SUNY Albany only hosted two conservative speakers last year

Matthew Noyes
New York Campus Correspondent

  • According to a list of official university events, there were a total 85 speakers who lectured on campus last year, including 64 who were determined to have either liberal or left-leaning political views.
  • The abundance of liberal speakers could be explained by the school’s Strategic Plan for the next five years, that called for a more "diverse” and “inclusive” campus environment.
  • A Campus Reform survey of the official State University of New York at Albany events revealed that the school only hosted two conservative speakers during the entire 2017-2018 academic year. 

    According to a catalogue of official events listed on the university’s calendar, there were a total 85 speakers who lectured on campus last year, including 64 who were determined to have either liberal or left-leaning political views. 

    [RELATED: Liberal speakers outnumbered conservatives 11-1 at Indiana U]

    By contrast, there were only 19 speakers who did not show a clear political or ideological preference or were independent.

    The liberal-leaning majority included several former officials of the Obama Administration, including two Obama Environmental Protection Agency Regional directors, and Alan Bersin, former Commissioner of Customs and Border Protection in the Department of Homeland Security.

    The largest speaker series of the academic year was titled “Telling the Truth in a Post-Truth World A multi-event symposium of topics crucial to an open democratic society,” and was hosted by the University and New York State Writers Institute

    The event featured dozens of guest speakers, including Kelley Vlahos, the Executive editor of The American Conservative Magazine, and a conservative commentator Richard Honen.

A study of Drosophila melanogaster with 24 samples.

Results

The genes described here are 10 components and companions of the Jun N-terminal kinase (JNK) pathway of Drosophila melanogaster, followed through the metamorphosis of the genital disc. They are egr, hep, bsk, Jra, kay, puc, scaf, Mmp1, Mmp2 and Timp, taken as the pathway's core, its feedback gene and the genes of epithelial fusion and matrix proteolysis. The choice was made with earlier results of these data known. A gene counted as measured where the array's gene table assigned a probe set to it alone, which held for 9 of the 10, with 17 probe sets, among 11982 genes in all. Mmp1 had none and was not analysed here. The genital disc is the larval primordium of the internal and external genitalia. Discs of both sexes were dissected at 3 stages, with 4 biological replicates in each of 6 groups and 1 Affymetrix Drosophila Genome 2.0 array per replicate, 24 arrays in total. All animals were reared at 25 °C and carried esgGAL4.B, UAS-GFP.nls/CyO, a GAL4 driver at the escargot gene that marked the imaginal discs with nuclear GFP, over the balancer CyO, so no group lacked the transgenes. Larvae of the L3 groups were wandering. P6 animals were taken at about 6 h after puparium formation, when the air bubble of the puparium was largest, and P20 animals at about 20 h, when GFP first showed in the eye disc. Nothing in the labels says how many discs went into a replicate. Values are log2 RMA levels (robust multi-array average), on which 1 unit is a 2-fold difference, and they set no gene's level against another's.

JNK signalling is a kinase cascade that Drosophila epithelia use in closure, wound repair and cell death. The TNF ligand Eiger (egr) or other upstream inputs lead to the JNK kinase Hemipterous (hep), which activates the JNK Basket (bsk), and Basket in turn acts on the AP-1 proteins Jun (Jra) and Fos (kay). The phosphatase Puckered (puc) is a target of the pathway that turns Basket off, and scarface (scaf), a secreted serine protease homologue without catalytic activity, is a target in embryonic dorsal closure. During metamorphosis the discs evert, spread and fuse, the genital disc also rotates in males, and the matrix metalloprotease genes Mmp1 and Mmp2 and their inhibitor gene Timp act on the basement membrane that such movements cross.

Other notable events hosted by the university included a discussion on “marginalized communities in 2017 America,” a lecture addressing “barriers to naturalization for low-income immigrants,” a talk on “gender and sexuality from a Jewish lens,” and more. 

    The abundance of liberal speakers could be explained by the school’s Strategic Plan for the next five years, that called for a more "diverse” and “inclusive” campus environment.

    [RELATED:University of Alabama only hosted two conservatives last year]

    Campus Reform compiled the data from the official UAlbany events calendar and only included political events with guest speakers. Seminars, classes, and workshops were not included in the study.

    Campus Reform also analyzed the political affiliations of all 85 speakers, reviewing their opinions, public statements, and any known organizational affiliations.

    The Campus Speaker Index analyzes official university calendars to determine which speaking engagements were expressly organized and hosted by the university. The index does not include any events that were hosted by student groups and outside organizations.

    Follow the author of this article on Twitter: @matt_noyes_ 





    Matthew Noyes

    Matthew Noyes

    New York Campus Correspondent

    Matthew Noyes is a New York Campus Correspondent, and reports liberal bias and abuse on college campuses for Campus Reform. He is a senior at Albany, SUNY, where he studies political science and Japanese. He is President and Campus Coordinator for Turning Point USA and Associate Editor and weekly columnist for the opinions column of the Albany Student Press.